Each day, individuals around the globe pursue their financial goals via financial derivatives. According to the Financial Information Association (FIA), more than 25 billion futures and options contracts changed hands during 2017. This staggering figure illustrates the high level of public interest that has made futures and options some of the most popular modes of trade in the world.
From Tokyo to Chicago, futures trading attracts people from all walks of life. Given the many benefits of trading futures, it’s no wonder why. Although each individual’s motivations are unique, several upsides undoubtedly serve as common ground:
- Asset diversification
- Availability of leverage
- Low cost structure
Whether your interest is limiting risk or pursuing speculative opportunities, the futures markets may be an ideal destination to achieve your financial goals.
Futures are especially useful for portfolio diversification. Products based on the pricing of currencies, commodities, debt instruments, and equities can readily limit or extend your aggregate risk exposure. Here are a few popular futures contracts offered by the Chicago Mercantile Exchange (CME):
|Energies||WTI Crude Oil||CL|
|Equities Indices||E-mini S&P 500||ES|
|Debt Instruments||10-Year T-Bill||ZN|
These products are only a small sample of those available on the CME, not to mention other the Chicago Board Options Exchange (CBOE), International Commodities Exchange (ICE), and other exchanges. If your goal is to diversify holdings, then the futures markets clearly offer a variety of excellent alternatives.
One of the most attractive benefits of futures is the availability of financial leverage. Being able to control large quantities of an underlying asset is particularly advantageous, especially if you want to implement hedging strategies. For many Ag producers and money managers, the leverage provided by futures contracts is a crucial part of conducting business.
Using high levels of leverage is also essential to active speculation. When compared to traditional stock trading, opening a futures account requires only a fraction of the capital. In this way, traders can parlay small amounts of money into large profits. While it’s true that applying leverage is inherently risky, the rewards may warrant the added danger.
Another attractive attribute of the futures markets is the abundance of trading opportunities. The sheer number of contract offerings ― not to mention their diversity ― provides active traders with everything needed to employ any number of strategies. Whether you’re an intraday, day, or swing trader, there’s a target-rich environment that fits your style.
Two characteristics are the primary drivers of opportunity in the futures markets:
- Volatility: Consistent fluctuations in contract value provide traders the ability to capitalize on discrepancies in asset pricing.
- Liquidity: Robust participation is important to order flow, tight bid/ask spreads, and an efficient process of price discovery. Liquid markets are exceptionally useful in regards to having orders filled at desirable price levels.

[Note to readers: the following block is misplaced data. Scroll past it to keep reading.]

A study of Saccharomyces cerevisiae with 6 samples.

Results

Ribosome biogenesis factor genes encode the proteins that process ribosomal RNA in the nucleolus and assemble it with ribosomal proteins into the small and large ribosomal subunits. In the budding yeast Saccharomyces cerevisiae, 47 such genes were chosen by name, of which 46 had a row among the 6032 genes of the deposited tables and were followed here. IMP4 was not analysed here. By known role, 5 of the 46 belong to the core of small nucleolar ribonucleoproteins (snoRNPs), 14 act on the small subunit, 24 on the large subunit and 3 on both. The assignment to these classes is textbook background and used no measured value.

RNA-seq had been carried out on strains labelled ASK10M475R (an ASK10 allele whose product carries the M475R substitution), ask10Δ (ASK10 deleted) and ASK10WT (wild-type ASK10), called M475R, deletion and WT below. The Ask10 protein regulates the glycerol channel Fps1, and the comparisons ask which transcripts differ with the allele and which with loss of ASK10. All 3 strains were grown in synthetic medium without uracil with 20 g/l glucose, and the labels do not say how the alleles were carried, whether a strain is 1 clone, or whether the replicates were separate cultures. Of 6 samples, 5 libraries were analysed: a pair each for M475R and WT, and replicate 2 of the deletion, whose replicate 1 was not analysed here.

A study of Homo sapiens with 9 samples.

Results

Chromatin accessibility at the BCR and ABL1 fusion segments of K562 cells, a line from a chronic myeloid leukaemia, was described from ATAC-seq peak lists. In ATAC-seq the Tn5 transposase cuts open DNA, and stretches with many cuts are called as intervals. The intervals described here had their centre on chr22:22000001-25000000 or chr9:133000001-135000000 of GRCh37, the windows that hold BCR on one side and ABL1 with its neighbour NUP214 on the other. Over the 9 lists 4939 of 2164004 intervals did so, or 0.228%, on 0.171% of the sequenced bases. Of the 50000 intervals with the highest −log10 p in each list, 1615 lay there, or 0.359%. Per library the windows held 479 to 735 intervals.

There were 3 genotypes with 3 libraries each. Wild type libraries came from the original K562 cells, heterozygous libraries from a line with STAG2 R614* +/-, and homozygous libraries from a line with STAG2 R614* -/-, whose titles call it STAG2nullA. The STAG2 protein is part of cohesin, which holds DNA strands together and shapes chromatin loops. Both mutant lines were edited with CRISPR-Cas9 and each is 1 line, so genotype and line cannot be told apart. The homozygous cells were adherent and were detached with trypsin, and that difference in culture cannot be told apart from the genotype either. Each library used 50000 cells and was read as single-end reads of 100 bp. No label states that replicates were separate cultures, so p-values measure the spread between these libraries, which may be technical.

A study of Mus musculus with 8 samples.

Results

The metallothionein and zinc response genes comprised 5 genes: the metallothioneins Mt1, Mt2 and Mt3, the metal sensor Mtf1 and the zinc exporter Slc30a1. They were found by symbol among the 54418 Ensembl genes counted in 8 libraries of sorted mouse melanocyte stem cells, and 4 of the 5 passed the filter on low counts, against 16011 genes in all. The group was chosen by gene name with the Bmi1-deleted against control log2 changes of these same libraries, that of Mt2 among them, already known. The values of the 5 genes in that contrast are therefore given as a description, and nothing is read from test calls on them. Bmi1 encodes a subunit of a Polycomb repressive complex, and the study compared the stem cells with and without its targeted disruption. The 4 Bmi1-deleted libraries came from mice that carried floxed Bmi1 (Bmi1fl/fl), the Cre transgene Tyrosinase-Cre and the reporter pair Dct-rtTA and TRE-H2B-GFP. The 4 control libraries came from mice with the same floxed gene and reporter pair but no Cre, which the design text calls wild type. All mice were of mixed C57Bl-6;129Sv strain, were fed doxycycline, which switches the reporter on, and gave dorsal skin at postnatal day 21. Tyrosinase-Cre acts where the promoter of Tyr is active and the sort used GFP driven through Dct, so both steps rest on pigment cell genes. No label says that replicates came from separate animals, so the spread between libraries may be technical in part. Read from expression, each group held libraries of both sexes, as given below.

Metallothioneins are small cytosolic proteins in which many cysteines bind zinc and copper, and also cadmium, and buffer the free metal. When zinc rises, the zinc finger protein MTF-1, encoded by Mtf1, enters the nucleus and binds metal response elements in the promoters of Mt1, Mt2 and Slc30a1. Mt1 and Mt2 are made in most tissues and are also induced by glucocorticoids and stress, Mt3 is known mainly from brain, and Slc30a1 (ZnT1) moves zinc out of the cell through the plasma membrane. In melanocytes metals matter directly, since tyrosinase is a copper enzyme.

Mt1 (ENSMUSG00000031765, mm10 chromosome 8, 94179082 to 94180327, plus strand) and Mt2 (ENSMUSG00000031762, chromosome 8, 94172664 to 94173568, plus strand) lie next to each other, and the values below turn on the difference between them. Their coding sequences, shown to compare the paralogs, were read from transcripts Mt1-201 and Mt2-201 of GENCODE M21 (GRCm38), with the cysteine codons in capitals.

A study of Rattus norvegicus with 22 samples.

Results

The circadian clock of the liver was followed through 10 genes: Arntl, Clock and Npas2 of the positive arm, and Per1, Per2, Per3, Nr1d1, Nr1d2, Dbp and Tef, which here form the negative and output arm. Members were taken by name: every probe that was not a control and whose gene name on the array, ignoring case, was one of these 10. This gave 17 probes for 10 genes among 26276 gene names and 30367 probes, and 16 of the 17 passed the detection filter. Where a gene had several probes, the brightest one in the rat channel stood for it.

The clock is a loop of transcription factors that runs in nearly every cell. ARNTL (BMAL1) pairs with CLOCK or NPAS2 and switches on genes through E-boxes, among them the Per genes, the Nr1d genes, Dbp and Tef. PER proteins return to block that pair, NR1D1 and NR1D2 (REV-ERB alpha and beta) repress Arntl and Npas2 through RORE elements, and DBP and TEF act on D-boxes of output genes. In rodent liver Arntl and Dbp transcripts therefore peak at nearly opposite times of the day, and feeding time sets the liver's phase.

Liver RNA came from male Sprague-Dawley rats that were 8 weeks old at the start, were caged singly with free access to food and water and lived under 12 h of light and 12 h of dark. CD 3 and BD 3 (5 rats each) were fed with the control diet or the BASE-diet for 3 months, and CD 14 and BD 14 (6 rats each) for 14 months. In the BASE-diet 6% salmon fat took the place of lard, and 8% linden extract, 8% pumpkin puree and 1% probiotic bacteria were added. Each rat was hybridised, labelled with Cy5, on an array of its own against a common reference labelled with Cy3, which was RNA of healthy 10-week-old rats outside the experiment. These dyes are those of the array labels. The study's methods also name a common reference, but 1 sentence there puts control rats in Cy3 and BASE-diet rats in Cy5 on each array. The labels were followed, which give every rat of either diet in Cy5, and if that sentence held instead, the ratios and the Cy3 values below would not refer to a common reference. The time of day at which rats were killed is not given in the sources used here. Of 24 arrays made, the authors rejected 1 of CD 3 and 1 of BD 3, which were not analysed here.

Without adequate price action or depth-of-market, profitable trading becomes exponentially more difficult. Many futures products consistently provide a wealth of both liquidity and volatility, which makes them ideal for active trading.
Low Cost Structure
As any business owner will tell you, start-up and operational expenses can be insurmountable barriers to entry. Keeping the cost of infrastructure, maintenance, and raw materials as low as possible is the key to sustaining a livelihood in any endeavor.
For those interested in trading futures for a living, the cost structure is extremely low in comparison to other financial venues and traditional industry. Meeting the following monetary obligations is all that is required:
- Technology: Buying a computer and subscribing to a software platform to enable trading are two necessities. However, an adequate trading computer won’t break the bank, and many brokers offer fee-free platform options.
- Connectivity: Securing an internet connection and streaming market data is required. These costs vary depending upon the exchange and products being traded, as well as the locale of your internet provider.
- Fees and commissions: Exchange fees and brokerage commissions are assigned on a per contract basis. Discount and deep-discount fee and commission structures are available, typically at a fraction of the cost seen in stocks.
Do the Benefits of Futures Outweigh the Risks?
Whether the futures markets are suited to your personal situation will depend on several factors. Available time, risk capital, and financial goals are a few considerations that you must make when weighing the pros and cons of trading futures.
For more information to help you assess whether the benefits of futures fit your situation, check out a free consultation with a member of the team at Daniels Trading.